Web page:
Philip Lewis, author of 'Young, British and Muslim' and Interfaith Advisor to the Bishop of Bradford, throws his weight behind objectors to the new mosque development project in east London claiming it would create a ghetto and be vulnerable to extremism. At a meeting organised by the Christian Peoples’ Alliance to discuss the mosque development and the local area, Philip Lewis argued against the development claiming that it would promote isolationism and segregation.
"Tablighi Jamaat does not try to engage with wider society so there must be clear worries that such a mosque would lead to a ghetto”, he said.
"The danger is that this becomes a self-contained world, which would be vulnerable to extremists”, he said. His remarks are analogous to those made by the government in 2006 when it proposed to close mosques on suspicion of their fomenting terrorism, suspicions which were known and proven to be unfounded. The government later dropped the proposals.
Dr Lewis, claims that the Jamaat discourages followers from socializing with non-Muslims and that one of their texts, Tablighi Nisab, "could be read as a romanticisation of jihad".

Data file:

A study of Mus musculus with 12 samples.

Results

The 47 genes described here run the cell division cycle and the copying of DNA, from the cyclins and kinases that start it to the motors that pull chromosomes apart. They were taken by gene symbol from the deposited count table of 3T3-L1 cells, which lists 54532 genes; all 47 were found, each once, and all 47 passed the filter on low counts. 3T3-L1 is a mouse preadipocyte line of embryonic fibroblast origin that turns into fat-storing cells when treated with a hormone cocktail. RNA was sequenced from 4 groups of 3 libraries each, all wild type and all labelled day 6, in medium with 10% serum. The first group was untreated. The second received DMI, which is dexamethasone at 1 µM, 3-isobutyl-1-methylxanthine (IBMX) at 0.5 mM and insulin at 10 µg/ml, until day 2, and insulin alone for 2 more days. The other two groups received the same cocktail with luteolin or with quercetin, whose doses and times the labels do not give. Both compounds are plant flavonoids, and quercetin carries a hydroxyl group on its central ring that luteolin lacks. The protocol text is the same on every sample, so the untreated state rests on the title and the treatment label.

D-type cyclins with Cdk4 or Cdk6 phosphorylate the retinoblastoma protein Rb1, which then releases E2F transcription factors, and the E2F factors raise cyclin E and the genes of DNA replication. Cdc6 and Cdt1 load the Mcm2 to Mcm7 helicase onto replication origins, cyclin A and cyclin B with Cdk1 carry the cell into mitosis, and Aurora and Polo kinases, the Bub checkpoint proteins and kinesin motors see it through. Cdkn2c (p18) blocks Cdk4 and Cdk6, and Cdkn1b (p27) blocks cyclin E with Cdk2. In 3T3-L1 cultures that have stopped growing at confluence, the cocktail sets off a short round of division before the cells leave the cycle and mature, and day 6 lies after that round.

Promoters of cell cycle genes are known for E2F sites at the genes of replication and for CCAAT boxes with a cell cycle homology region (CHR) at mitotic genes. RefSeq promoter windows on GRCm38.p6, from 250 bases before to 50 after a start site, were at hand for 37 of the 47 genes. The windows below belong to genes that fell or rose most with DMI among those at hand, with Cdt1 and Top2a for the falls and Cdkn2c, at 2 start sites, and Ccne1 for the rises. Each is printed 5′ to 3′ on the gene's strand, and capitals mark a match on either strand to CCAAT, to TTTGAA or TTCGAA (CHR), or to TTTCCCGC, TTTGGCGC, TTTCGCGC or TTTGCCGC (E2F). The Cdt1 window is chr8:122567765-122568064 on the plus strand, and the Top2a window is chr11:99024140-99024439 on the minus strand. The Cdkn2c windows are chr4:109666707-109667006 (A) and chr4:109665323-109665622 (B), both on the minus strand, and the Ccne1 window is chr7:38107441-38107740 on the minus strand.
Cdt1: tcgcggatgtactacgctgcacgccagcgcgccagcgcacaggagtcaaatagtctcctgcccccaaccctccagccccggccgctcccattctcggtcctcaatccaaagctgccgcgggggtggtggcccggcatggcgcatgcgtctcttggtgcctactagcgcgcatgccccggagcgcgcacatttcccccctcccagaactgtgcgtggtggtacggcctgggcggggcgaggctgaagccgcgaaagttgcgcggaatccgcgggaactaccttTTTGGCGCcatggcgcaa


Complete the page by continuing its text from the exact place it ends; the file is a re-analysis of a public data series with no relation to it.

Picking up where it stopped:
He also raised concerns on the group’s treatment of women, saying that the group is extremely conservative and refuses to allow women to leave the home unless they are accompanied by a male.
Much of this will come as some surprise to those that are familiar with the Tablighi Jamaat’s activities. Women regularly participate in their edifying campaigns lecturing on the benefits of religious adherence. And the argument that the group supports ‘parallel communities’ has been bandied about for some time with little evidence to validate the claim.
Perhaps the greater surprise is the support shown by Lewis for the campaign to obstruct the building of the mosque. Coming within days of the signing of an accord between Muslim and Christian leaders in Bradford, the accord was signed by the Bishop of Bradford and the Jamiat Ulama e Britain. Strange that the Bishop, whom Lewis advises on interfaith matters, should sign an accord in support of guidelines to promote greater interfaith harmony between the two religious communities in the city with a Muslim group that was last year criticized for the same deficiencies Lewis levels at the Tablighi Jamaat.